Catcher Ruiz collects four RBIs in victory over France
By Alex Espinoza
Special to MLB.com |
PANAMA CITY, Panama -- The home crowd was treated to The Chooch Show at Rod Carew Stadium on Thursday night.
Playing in front of 11,744 spirited fans, Panama catcher Carlos "Chooch" Ruiz hit two home runs and collected four RBIs to lead his squad to a 9-2 win over France in the first round of the World Baseball Classic qualifier. After opening the game's scoring with a sacrifice fly in the bottom of the first, Ruiz hit a solo moonshot in the third and then a two-run blast in the fifth.
Panama is now set to host Colombia -- which defeated Spain, 9-2 -- at 9 p.m. ET on Friday. Spain will face France at 2 p.m. ET in an elimination game earlier in the day. In qualifier games played in Mexicali, Mexico, the hosts defeated the Czech Republic, 2-1, and Nicaragua walked off over Germany. The Czechs and Germans will meet in an elimination game at 3:30 p.m. ET Friday, and Mexico takes on Spain at 10:30 p.m. All qualifier action can be watched on MLB.com and www.worldbaseballclassic.com, or followed via MLB Gameday.
Playing in his fourth WBC competition with Panama, Ruiz showed why he's been able to stay in the big leagues for a decade.
"It's all about being positive," Ruiz said through a translator. "I believe I'm still a young player. I feel like a 26-year-old, not a 36-year-old. I'm proud to play with a team that has young players and such an experienced coaching staff -- especially guys I played with like [manager] Carlos Lee, [bench coach] Olmedo Saenz and [pitching coach] Lenin Picota."
Once Lee saw Ruiz join Team Panama from Phillies Spring Training earlier this week, he had a feeling he would be doing some damage at the plate.
"Honestly, that's the best shape I've ever seen him in," Lee said. "He's ready to go, and you can see it. He's taking good swings, taking good pitches. Two homers, that's not going to happen every day. But if you put yourself in a position to have good swings, good results can come out."
While Ruiz stole the spotlight on Thursday night, Panama right-hander Paolo Espino pitched a perfect three innings, striking out four, to begin the contest. The Nationals farmhand only needed 33 pitches to get through his outing, so he'll be eligible to return to the mound on Saturday if Lee desires.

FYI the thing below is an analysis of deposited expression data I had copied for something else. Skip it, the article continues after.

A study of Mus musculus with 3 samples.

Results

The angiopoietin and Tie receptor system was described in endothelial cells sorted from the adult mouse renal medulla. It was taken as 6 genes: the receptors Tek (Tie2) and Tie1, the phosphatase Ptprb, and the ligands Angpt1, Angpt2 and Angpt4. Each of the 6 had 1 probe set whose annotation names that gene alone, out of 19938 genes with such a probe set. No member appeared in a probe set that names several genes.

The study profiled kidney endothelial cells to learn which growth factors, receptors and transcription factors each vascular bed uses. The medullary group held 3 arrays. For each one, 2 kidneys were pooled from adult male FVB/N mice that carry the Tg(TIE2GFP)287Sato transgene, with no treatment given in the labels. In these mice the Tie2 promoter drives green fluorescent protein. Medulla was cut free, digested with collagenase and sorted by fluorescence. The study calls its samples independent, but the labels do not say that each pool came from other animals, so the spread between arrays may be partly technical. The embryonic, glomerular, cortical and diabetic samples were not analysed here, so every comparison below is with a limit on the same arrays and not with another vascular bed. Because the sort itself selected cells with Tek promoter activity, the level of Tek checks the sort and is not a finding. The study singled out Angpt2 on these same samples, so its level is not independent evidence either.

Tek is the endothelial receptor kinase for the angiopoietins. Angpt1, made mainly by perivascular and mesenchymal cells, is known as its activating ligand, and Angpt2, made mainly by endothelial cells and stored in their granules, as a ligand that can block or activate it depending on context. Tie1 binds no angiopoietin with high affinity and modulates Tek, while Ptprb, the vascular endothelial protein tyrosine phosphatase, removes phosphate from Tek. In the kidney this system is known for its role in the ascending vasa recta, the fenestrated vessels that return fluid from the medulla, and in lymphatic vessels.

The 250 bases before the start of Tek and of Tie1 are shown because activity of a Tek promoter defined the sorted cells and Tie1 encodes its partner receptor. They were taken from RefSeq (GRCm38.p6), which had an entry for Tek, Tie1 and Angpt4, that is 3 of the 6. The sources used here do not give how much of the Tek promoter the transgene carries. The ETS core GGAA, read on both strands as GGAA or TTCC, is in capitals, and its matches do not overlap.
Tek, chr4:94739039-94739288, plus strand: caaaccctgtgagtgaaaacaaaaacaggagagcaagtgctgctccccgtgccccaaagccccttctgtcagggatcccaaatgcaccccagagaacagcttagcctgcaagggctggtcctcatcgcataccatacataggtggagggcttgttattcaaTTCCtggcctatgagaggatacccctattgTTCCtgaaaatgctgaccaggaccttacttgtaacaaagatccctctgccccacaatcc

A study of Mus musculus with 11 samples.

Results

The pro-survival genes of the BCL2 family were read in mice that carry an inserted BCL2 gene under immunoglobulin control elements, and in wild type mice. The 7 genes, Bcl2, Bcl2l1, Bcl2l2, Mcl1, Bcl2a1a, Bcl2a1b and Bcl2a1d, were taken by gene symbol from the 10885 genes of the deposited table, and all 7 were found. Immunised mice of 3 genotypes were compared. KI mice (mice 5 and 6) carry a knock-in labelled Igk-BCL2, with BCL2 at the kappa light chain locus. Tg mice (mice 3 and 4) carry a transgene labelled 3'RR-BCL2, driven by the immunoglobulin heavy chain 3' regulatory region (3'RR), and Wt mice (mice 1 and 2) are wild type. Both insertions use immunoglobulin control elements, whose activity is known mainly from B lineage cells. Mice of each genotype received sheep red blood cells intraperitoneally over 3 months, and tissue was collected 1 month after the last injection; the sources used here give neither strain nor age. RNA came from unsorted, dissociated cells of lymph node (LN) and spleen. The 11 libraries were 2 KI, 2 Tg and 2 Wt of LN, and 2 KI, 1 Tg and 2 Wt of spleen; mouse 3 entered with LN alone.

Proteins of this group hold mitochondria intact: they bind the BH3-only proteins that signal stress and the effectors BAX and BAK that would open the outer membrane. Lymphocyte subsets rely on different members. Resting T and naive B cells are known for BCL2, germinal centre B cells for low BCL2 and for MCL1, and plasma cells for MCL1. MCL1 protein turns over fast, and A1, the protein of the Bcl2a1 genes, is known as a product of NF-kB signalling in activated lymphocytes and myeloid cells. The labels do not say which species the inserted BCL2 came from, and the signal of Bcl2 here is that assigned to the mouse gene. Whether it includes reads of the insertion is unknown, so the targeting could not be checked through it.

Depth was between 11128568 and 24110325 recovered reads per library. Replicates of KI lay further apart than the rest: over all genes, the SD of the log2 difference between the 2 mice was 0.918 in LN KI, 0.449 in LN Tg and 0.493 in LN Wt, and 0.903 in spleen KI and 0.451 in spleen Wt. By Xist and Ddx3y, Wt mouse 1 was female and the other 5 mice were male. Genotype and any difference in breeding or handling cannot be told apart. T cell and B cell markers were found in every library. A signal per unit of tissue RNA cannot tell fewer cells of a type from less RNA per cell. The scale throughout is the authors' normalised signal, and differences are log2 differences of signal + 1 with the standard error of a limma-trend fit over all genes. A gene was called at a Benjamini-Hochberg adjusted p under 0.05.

Espino said everything was working well for him on the mound -- location, fastball command and his slider -- and that he only threw one changeup. By the time Lee made a pitching change, though, Panama had a four-run lead, so Espino was held back with the future in mind. Panama is guaranteed to play on Saturday, win or lose on Friday, and Espino would have been ineligible to pitch the rest of the qualifier had he surpassed 50 pitches.
Naturally, Espino wanted to keep going deeper in the game but understood Lee's decision given the pitch limits. And on a night that belonged to Ruiz, perhaps it's no surprise that Espino chalked up his success to his catcher.
"I think Carlos Ruiz makes a big difference for our pitching staff," Espino said through a translator. "I've known him for a long time, and he has a lot of experience. Today he called a great game, and I just tried to match him pitch for pitch, whatever he asked for."
Panama broke open the game with a four-run sixth inning. Following Ruiz's two-run homer, Carlos Quiroz nearly went back-to-back, but his double bounced off the top of the wall in left field. No matter, as the next batter, shortstop Javier Guerra, went deep to right field to extend Panama's lead to seven runs.
France didn't do itself any favors, committing three costly errors that led to three runs for Panama. In the second inning, on consecutive at-bats, shortstop Felix Brown booted a ball and left fielder Douglas Rodriguez dropped a routine fly. The miscues led to a sacrifice bunt and subsequently a two-run single by Eduardo Thomas. In the sixth inning, Norbert Jongerius dropped a fly ball in left field, allowing Luis Castillo to score.
"We can't compete that way if we make errors," France manager Eric Gagne said. "We know we've got to play better defensively. Pitching was OK, but we can't make mistakes. We've got one guy who's affiliated, and he's in A ball, so we've got to make good plays. But there's a lot of positives. A lot of guys have probably never seen 90 mph in their life, so it's a good experience."
France's first run came in the top of the fifth, when Frederic Hanvi roped a double down the left-field line to score Andy Paz. Jorge Hereaud drove home a second run in the ninth with a soft single to right field.
Alex Espinoza is a contributor to MLB.com. This story was not subject to the approval of Major League Baseball or its clubs.